Financial Conflicts of Interest Related to Research and Sponsored Programs


These commitments require the university to identify and manage any real or apparent financial conflicts of interest (fCOI) related to research and sponsored programs.

What is essential?

A financial conflict of interest (fCOI) exists when the university reasonably determines, pursuant to its established policy on Financial Conflicts of Interest Related to Research and Sponsored Programs, that an individual’s significant financial interest is related to their university research or sponsored program, and could directly and significantly affect the design, conduct, or reporting of the research or sponsored program.

When it is determined that an fCOI exists, the university Conflict of Interest Review Committee (CIRC) determines if a project activity can proceed, and if so, works collaboratively with the investigator to construct appropriate management plans to arrive at practical and effective solutions to mitigate the impact of the investigator’s financial interests on the conduct of their research.

Transparency and accurate disclosures about financial interests external to the University is critical to ensuring that fCOIs are properly disclosed, managed, and mitigated.

Why it’s Important

A significant financial interest in an entity external to the University has the potential to create a real or perceived conflict of interest when it is related to an investigator’s research or sponsored program. University faculty and staff are obligated to make the University aware when these external interests exist, so that the conflict of interest is eliminated or adequately managed and the University and investigator can collaborate to ensure that academic and research integrity is prioritized.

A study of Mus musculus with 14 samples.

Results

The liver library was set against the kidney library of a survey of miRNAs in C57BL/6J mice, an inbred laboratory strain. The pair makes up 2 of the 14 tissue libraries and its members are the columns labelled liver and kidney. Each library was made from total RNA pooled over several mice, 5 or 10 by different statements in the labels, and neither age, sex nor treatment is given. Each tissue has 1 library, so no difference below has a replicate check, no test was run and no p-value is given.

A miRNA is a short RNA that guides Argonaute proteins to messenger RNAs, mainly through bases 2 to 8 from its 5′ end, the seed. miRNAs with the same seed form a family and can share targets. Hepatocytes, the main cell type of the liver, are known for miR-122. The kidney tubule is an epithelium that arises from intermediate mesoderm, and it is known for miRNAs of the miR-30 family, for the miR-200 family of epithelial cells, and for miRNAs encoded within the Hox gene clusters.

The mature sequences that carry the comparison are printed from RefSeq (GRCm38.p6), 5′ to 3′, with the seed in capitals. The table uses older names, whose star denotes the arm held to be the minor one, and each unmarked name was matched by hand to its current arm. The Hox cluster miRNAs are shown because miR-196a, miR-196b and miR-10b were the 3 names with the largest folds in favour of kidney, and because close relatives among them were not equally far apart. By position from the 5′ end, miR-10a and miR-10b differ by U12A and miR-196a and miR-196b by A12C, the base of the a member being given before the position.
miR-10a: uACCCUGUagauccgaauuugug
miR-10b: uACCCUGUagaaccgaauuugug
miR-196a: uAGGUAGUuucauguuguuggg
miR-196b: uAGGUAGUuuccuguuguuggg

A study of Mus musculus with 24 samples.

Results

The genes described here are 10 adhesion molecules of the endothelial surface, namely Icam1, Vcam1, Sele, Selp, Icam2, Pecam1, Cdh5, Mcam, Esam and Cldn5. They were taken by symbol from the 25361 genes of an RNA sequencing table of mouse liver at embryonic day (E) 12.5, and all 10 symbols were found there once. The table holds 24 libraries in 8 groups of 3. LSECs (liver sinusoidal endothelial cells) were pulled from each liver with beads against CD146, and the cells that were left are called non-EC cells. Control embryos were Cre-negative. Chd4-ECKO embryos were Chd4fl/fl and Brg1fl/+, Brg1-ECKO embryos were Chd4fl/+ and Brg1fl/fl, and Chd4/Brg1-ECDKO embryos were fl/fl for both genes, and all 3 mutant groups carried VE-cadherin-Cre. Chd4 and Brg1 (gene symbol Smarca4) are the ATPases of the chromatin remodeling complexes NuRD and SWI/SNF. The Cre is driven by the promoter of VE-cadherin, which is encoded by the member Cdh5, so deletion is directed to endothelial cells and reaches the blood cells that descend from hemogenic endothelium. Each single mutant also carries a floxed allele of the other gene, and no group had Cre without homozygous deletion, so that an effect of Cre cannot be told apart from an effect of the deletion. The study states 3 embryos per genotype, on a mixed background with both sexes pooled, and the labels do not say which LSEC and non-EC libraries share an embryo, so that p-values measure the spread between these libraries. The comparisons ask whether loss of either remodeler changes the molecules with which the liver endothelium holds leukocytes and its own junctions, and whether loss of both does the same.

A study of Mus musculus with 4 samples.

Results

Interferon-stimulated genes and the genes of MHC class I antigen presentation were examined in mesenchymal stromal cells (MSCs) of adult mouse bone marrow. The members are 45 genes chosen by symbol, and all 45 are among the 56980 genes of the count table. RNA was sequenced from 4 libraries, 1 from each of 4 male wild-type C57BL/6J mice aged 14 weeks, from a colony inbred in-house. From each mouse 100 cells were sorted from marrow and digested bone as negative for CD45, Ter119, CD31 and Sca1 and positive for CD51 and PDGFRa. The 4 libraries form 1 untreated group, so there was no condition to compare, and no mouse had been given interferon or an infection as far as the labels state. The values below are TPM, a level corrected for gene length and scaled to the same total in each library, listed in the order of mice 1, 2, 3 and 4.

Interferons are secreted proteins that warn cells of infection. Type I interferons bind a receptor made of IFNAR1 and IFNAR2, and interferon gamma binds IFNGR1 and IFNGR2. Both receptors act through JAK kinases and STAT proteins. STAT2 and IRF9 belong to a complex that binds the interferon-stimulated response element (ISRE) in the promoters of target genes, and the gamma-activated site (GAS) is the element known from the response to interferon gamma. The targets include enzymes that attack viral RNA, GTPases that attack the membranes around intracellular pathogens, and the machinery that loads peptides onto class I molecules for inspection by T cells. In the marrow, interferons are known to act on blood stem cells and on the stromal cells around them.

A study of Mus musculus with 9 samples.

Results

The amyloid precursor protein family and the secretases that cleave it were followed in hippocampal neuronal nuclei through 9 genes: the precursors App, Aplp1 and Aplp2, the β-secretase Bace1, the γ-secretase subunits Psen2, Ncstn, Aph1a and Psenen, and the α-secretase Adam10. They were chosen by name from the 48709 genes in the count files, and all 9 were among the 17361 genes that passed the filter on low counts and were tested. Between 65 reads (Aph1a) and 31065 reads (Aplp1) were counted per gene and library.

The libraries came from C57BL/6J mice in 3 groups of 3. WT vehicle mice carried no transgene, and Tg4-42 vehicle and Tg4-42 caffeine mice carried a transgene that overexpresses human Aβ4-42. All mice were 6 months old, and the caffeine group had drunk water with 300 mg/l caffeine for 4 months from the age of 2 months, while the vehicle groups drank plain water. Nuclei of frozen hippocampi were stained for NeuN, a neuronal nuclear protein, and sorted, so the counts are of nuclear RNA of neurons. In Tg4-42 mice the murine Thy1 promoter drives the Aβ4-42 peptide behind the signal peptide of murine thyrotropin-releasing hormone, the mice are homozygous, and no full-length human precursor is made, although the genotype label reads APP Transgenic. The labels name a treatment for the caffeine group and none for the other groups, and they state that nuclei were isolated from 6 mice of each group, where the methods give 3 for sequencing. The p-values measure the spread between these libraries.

Failure to disclose conflicts of interest can jeopardize the University’s tax-exempt status and can result in violation of the Federal False Claims Act, which carries the risk of substantial financial penalties and criminal charges with penalties that can include imprisonment.

How to Comply

University faculty and staff responsible for the design, conducting, reporting, or direct administration of research must disclose their Significant Financial Interests that are Related to their University and/or Sponsored Programs at the following intervals:

  • With each Sponsored Program proposal submission through ORSP. ORSP will ask each member of the research team to submit a disclosure form. The forms are required whether or not the individual has a Related SFI to disclose.
  • Prior to acceptance of an award from research investment programs run by the OVPR. OVPR will ask each member of the research team to submit a disclosure form. The forms are required whether or not the individual has a Related SFI to disclose.
  • Prior to engaging in University Research, which is how we refer to any research activity supported by University funds, regardless of source. This will commonly include research supported by department funds or other sources that are not administered through OVPR or ORSP. In this instance, individual staff and faculty planning to engage in University Research are responsible for proactively disclosing any Related SFIs. Individual staff and faculty should understand the disclosure requirements, and notify their Department Chair or direct supervisor if they have SFIs Related to the University Research that are required to be disclosed, prior to engaging in the research. The Department Chair or direct supervisor must then contact Research Integrity to initiate the disclosure process. Disclosures are not required for University Research when individual faculty and staff do not have Related SFIs.
  • Disclosures must be amended within 30 days of material changes to circumstances that affect existing disclosures. For example, if at the proposal stage, you did not have any Related SFIs to disclose, but during the course of the award, you acquired an equity interests totaling $5,001 in value in an external entity that is supplying research materials for the award, then you would need to submit a disclosure within 30 days of that acquisition. If you are uncertain about your disclosure responsibilities or have questions, seek help.
  • Disclosures must be updated annually.